File Preparation Tips

File Type

For best results, your file should be saved as a print-ready pdf (Portable Document File). Adobe PDF is a universal file format that can be viewed on virtually every computer, regardless of fonts or software that might be installed on the computer. PDF is an ideal format for print documents as they will most accurately reflect the printed outcome. Depending on the software you are using to create your file, you can usually convert your file by looking for something in your drop down File Menu that says “Save As” or “Export As” and setting the outputted file type to pdf. Always choose the press-quality pdf preset when converting your file to pdf. Some programs have a “Convert to Adobe PDF” button built in.

Resolution/Raster Images

All images need to be at least 300 dpi (dots-per-inch) at the size they are to be printed. (For example, if your jpg is 900 pixels wide by 1200 pixels wide, it is sized to print 3″x4″. Take the number of pixels and divide by 300 to get your output size). Enlarging images in your file will decrease your resolution. If your images are at a lower resolution, the quality will be compromised. If you are designing in Photoshop, be sure to check your document setup. Photoshop’s default resolution is usually only 72dpi. If you are designing in Illustrator, InDesign, or Publisher remember to choose the press-quality pdf preset when converting your file to pdf. That preset should convert your file, assuming any embedded images are at least 300 dpi. Vector images do not require special resolution as they can be enlarged without losing image quality.

File Size & Project Dimensions

Make sure your file is sized correctly for output. If you are printing 8″x10″, you will want to make sure your file is sized that way.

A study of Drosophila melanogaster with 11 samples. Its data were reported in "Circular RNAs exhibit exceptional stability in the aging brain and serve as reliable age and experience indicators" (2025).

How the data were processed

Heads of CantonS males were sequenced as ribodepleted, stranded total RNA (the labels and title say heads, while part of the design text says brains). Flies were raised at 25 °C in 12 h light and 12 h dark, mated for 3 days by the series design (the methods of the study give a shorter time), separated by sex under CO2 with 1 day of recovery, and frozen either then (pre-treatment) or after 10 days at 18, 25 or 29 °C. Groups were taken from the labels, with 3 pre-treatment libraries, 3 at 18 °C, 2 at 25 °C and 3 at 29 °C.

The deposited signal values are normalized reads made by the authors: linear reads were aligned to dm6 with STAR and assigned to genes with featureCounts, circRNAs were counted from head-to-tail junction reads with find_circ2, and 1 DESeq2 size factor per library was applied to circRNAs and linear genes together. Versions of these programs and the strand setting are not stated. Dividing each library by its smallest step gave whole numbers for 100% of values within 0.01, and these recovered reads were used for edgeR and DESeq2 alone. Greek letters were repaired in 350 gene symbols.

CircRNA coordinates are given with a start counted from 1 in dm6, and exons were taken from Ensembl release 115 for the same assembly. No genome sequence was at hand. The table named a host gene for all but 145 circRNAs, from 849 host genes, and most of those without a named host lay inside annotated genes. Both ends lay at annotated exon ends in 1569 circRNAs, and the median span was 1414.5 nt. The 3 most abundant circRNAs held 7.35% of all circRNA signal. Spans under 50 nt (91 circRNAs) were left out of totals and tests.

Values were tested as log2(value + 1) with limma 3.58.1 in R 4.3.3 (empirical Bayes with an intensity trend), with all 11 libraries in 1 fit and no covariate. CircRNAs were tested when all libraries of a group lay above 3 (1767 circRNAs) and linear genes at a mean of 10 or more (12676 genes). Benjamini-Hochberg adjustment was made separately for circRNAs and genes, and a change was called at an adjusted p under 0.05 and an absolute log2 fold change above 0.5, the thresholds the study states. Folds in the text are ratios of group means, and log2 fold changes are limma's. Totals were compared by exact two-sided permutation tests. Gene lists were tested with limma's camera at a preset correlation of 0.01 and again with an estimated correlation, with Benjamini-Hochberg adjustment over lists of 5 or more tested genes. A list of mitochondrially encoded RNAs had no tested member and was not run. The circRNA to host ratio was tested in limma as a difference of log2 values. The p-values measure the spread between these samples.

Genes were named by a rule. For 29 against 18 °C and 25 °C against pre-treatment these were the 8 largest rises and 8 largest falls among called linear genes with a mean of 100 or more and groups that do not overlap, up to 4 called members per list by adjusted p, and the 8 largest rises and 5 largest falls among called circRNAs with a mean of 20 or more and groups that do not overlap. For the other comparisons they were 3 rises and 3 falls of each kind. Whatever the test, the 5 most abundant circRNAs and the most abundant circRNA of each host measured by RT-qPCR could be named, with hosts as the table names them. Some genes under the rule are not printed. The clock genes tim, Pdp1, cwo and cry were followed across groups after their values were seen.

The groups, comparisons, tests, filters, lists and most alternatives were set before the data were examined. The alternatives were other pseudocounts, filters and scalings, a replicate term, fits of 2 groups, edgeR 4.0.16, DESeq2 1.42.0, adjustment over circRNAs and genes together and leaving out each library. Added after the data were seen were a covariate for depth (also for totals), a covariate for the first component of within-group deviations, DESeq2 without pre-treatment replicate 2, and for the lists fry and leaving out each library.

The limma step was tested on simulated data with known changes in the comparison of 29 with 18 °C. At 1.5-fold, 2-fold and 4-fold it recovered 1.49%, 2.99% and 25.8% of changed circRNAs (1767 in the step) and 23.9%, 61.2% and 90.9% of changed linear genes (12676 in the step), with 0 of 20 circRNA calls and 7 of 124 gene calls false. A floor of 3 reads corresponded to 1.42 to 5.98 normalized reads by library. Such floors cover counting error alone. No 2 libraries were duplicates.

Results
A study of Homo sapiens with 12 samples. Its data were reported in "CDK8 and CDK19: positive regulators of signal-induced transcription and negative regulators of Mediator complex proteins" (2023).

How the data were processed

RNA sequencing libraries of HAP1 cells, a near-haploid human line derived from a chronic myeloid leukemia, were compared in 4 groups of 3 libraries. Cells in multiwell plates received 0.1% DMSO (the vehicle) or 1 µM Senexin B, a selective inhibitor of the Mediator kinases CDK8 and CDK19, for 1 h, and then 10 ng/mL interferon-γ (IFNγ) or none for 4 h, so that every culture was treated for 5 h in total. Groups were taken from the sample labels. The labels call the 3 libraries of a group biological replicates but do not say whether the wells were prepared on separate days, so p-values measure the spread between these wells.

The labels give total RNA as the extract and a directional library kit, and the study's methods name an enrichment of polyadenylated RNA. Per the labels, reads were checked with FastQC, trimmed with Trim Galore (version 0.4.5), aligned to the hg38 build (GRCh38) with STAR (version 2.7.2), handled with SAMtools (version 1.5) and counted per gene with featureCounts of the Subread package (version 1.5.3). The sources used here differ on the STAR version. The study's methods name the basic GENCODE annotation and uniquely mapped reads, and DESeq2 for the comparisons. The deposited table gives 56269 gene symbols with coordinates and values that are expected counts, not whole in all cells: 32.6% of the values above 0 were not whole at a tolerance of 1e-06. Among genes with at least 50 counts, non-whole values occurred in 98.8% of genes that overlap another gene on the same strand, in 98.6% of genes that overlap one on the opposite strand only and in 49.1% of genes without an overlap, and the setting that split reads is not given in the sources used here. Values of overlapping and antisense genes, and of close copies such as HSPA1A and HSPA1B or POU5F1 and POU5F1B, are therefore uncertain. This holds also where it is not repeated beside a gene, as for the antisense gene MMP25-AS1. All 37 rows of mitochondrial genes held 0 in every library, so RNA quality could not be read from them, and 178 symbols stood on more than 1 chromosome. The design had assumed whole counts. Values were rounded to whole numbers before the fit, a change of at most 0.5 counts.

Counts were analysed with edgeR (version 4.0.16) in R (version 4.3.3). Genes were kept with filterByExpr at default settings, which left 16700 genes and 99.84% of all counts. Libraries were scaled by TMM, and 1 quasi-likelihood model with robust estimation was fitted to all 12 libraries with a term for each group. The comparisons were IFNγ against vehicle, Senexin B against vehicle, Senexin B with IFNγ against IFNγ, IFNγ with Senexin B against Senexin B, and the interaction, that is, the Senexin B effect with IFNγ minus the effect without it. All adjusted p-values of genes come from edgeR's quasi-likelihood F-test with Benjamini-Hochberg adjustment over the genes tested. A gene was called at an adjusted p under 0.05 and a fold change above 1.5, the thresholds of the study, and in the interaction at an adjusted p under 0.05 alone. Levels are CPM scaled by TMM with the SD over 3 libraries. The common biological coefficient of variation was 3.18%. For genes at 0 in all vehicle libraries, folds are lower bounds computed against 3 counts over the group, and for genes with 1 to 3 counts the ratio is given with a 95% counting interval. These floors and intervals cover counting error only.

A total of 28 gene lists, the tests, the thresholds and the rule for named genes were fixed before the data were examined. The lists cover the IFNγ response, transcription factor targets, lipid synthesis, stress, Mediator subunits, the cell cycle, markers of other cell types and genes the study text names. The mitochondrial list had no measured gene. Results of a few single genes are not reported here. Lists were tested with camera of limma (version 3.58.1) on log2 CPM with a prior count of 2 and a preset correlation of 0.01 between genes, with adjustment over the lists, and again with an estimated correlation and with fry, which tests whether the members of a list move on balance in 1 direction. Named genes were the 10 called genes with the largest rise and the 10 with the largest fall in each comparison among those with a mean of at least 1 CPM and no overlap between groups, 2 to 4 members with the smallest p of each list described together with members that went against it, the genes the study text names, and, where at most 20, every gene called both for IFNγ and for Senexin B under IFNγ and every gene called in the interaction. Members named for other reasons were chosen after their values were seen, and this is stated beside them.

Bleed & Safe Zones

If images or colors bleed, include a 1/8″ bleed on all sides. For example, a full bleed business card would be 2.25″x3.75″. Your project needs a bleed if the print extends to the edge of the project/page (e.g. no white border). Be cautious of the “Safe Zone” on any project involving cutting, make sure any text or other item you don’t want to have cut is at least 1/8″ in from the trim line. Crop marks are not required if the file has the proper bleed and “Safe Zone.”

CMYK vs. Spot Color

Use CMYK color space for optimal color output. Our digital equipment can make this conversion for you in most cases, but to ensure the best output, send your files in CMYK. If your file is to be printed in spot colors, be sure to define each color as a Pantone spot color and not CMYK.


Send your pdf document with fonts outlined or embedded. Although not preferred, we do accept Word Doc, Publisher, Illustrator, Photoshop or InDesign Files; however, it is important to include any font and/or links files we might need.

Image Content

Be sure you are not using unauthorized copyrighted images (e.g. anything you do not have permission to print/use that is owned by someone else). This can vary from Google images to well-known licensed characters to images from professional photographers. If it has a “watermark” on it, odds are you don’t have permission to print the file. To be safe, you can purchase images from stock image web sites like If you are using a photo from a professional photographer, be sure you have written permission to print the image.

Spell Check

Be sure to run spell check before converting your file. It is always a good idea to have a second pair of eyes proofread your project.

Always look at your files before you send them to print and if possible print them out. Pieces sometimes look quite different when printed.

When in doubt, please request to see a printed proof.